Flight makes right

Sean Michael Knick II is at the controls of a Cessna 172SP before takeoff from Front Royal-Warren County Airport. Photo by Cindy Rodney.

Not every young man learns to fly before he learns to drive, but 16-year-old Washington resident Sean Michael Knick II has done just that.

A junior at Randolph-Macon Academy in Front Royal, Knick has been flying for more than a year in the academy’s flight program. He received his driver’s permit just last week.

Knick began at RMA in the summer of 2007, before the start of his eighth-grade year. His mom and dad, Debbie and Sean Knick, said they hoped the summer enrollment would give him a head start on classes for the following year.

Knick said he fell in love with the school so much that he told friends he not only was being taught academics but “core values” as well. His parents were impressed with the school and with their son’s progress over the summer. Debbie Knick remembers her son begging them to enroll him at RMA for the fall 2007 session.

“I came [to RMA] strictly for the academics,” Knick said. But the academy also offered baseball and golf, two sports he was interested in. Flying was not an activity that drew him to RMA initially, but it did catch his eye.

Just before Christmas 2009, Knick took his first flight with RMA flight instructor Ryan Koch. After that, he said, “I knew this is something unique. This is pretty cool.” That feeling was confirmed after he performed his first takeoff under Koch’s watchful eye.

Splitting his flight time between a Cessna 152 and a Cessna 172SP, Knick somehow managed to log flight hours in spite of his busy schedule (advanced placement courses, band, baseball, golf, drill team and Air Force Junior Reserve Officer Training Corps).

Then, on Jan. 24, he passed his pre-solo check flight at Front Royal-Warren County Airport.

“It was a little nerve-wracking at first, but I just set my mind to it,” Knick said. He said it wasn’t until he reached about 1,700 feet and had turned crosswind that he really noticed he was by himself.

“I wasn’t worried or anything. Even if something happened, I was trained to fix it,” said Knick. He stayed “in the zone” until he touched down on the pavement again. Then he did it again, and again, easily fulfilling the required three takeoffs and landings.

“As he came around for the first landing, I knew he would have no trouble because he was well prepared,” said Koch in a blog entry the next day. “I must say his first touchdown was awesome! The next two landings were also very well done.” Koch later said Knick has been “a real joy to fly with.”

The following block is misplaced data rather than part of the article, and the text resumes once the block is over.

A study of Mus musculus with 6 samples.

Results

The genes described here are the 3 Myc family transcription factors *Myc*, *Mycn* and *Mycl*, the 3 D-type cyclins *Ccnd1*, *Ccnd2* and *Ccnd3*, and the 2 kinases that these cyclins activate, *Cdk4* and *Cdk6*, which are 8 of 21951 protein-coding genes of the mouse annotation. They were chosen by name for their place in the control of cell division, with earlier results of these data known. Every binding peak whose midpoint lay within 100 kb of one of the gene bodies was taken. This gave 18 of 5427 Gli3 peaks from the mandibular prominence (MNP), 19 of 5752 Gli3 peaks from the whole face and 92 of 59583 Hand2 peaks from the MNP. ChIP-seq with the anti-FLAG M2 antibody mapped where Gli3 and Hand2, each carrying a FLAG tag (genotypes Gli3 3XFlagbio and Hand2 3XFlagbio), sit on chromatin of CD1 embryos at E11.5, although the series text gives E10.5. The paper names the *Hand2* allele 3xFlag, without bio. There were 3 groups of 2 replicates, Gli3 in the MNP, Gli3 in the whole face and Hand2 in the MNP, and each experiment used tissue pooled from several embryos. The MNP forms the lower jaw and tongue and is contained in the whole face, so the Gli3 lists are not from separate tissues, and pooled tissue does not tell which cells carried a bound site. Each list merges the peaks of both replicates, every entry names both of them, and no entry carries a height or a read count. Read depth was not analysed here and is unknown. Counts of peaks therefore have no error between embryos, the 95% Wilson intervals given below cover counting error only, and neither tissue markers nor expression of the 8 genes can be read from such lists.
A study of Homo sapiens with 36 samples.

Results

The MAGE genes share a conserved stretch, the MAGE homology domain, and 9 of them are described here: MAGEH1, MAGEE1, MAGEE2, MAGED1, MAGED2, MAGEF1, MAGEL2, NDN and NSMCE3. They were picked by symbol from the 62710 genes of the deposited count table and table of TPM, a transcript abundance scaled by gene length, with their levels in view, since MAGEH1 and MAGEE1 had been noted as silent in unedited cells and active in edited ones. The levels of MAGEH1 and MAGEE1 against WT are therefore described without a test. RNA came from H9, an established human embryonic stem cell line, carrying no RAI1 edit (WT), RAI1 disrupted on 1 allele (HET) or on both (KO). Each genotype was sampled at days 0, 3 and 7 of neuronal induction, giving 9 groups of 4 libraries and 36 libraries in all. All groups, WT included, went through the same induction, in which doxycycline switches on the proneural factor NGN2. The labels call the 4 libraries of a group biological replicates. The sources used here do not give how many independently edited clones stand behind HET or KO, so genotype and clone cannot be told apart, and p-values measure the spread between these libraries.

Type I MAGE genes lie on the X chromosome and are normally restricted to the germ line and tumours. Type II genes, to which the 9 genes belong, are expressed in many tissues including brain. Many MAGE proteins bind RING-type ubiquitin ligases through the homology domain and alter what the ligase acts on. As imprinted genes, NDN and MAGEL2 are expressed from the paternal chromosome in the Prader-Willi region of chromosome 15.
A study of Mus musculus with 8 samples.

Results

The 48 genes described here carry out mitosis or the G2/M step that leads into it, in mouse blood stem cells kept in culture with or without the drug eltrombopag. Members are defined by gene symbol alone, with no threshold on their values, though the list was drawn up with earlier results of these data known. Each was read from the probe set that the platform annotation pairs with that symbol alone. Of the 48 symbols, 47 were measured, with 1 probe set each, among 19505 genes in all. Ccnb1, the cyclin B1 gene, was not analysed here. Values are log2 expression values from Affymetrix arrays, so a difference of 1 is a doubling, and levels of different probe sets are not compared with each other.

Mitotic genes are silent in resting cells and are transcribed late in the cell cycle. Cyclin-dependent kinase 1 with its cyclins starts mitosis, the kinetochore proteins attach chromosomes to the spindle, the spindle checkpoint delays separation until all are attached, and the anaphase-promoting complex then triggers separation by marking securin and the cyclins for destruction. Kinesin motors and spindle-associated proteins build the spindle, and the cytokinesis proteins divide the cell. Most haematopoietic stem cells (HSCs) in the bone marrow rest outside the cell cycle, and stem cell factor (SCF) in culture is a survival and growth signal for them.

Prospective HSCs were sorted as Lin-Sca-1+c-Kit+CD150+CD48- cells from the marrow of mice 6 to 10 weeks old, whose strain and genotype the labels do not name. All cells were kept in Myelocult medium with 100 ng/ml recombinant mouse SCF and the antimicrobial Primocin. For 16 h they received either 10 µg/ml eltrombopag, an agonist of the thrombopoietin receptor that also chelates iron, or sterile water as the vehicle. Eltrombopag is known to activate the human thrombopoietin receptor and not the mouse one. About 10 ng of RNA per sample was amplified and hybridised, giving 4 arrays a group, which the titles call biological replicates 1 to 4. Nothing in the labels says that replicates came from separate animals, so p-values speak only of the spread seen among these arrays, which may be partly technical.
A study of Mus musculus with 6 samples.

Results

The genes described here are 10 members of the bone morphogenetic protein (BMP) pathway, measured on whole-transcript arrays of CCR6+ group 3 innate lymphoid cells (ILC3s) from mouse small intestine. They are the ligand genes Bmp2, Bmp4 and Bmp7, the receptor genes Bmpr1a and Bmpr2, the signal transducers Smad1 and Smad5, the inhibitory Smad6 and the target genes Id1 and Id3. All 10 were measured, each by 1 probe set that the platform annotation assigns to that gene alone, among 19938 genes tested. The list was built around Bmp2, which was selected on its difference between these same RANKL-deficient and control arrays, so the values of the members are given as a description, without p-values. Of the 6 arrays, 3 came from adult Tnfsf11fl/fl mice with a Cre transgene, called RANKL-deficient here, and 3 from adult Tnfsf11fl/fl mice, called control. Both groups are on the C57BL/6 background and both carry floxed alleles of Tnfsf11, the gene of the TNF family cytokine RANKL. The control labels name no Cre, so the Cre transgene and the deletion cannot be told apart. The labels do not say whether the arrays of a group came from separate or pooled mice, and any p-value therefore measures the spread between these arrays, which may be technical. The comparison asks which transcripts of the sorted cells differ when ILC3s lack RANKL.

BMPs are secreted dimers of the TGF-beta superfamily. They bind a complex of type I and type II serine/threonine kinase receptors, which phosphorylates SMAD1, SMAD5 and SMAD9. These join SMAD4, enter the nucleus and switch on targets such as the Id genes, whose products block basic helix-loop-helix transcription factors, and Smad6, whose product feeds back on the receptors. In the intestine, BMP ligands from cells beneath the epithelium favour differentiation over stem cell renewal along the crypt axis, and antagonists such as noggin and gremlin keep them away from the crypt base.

His parents thought that because he never flew before, Knick would either love it or hate it. He loved it. “His enthusiasm for flying has driven him to keep his GPA at a 3.76,” said Debbie Knick, “while performing his duties as a master sergeant. In the core of cadets, you might say it’s his way of rewarding himself.

“Sean Michael’s passion for flight has been kindled by his flight instructor Ryan Koch,” she continued. “Sean and Ryan hit it off from day one. He has so much respect for Ryan, it’s awesome to see that bond and trust. When my son showed an interest in the flight program, I asked Ryan lots of questions, I probably drove him nuts. Ryan has been wonderful, he’s been so patient with a worried mom. He’s great!

“As parents we encourage Sean Michael to take advantage of all the opportunities that RMA offers; he has taken the ball and run with it,” his mom continued. “RMA has reinforced what as parents we have been telling him since childhood — life is all about choices and there are consequences both good and bad with each. RMA focuses on knowledge, character and leadership, in shaping the lives of our children. We have seen evidence of that in Sean Michael. He knows that being able to fly is not an entitlement, it’s a privilege.

“Sean Michael is learning one of life’s lessons: juggling responsibilities and being accountable for your actions.”

The Knicks, along with grandfather Clyde Pullen, say they are very proud of their son, as he discovers that hard work and doing the right things can bring rewards.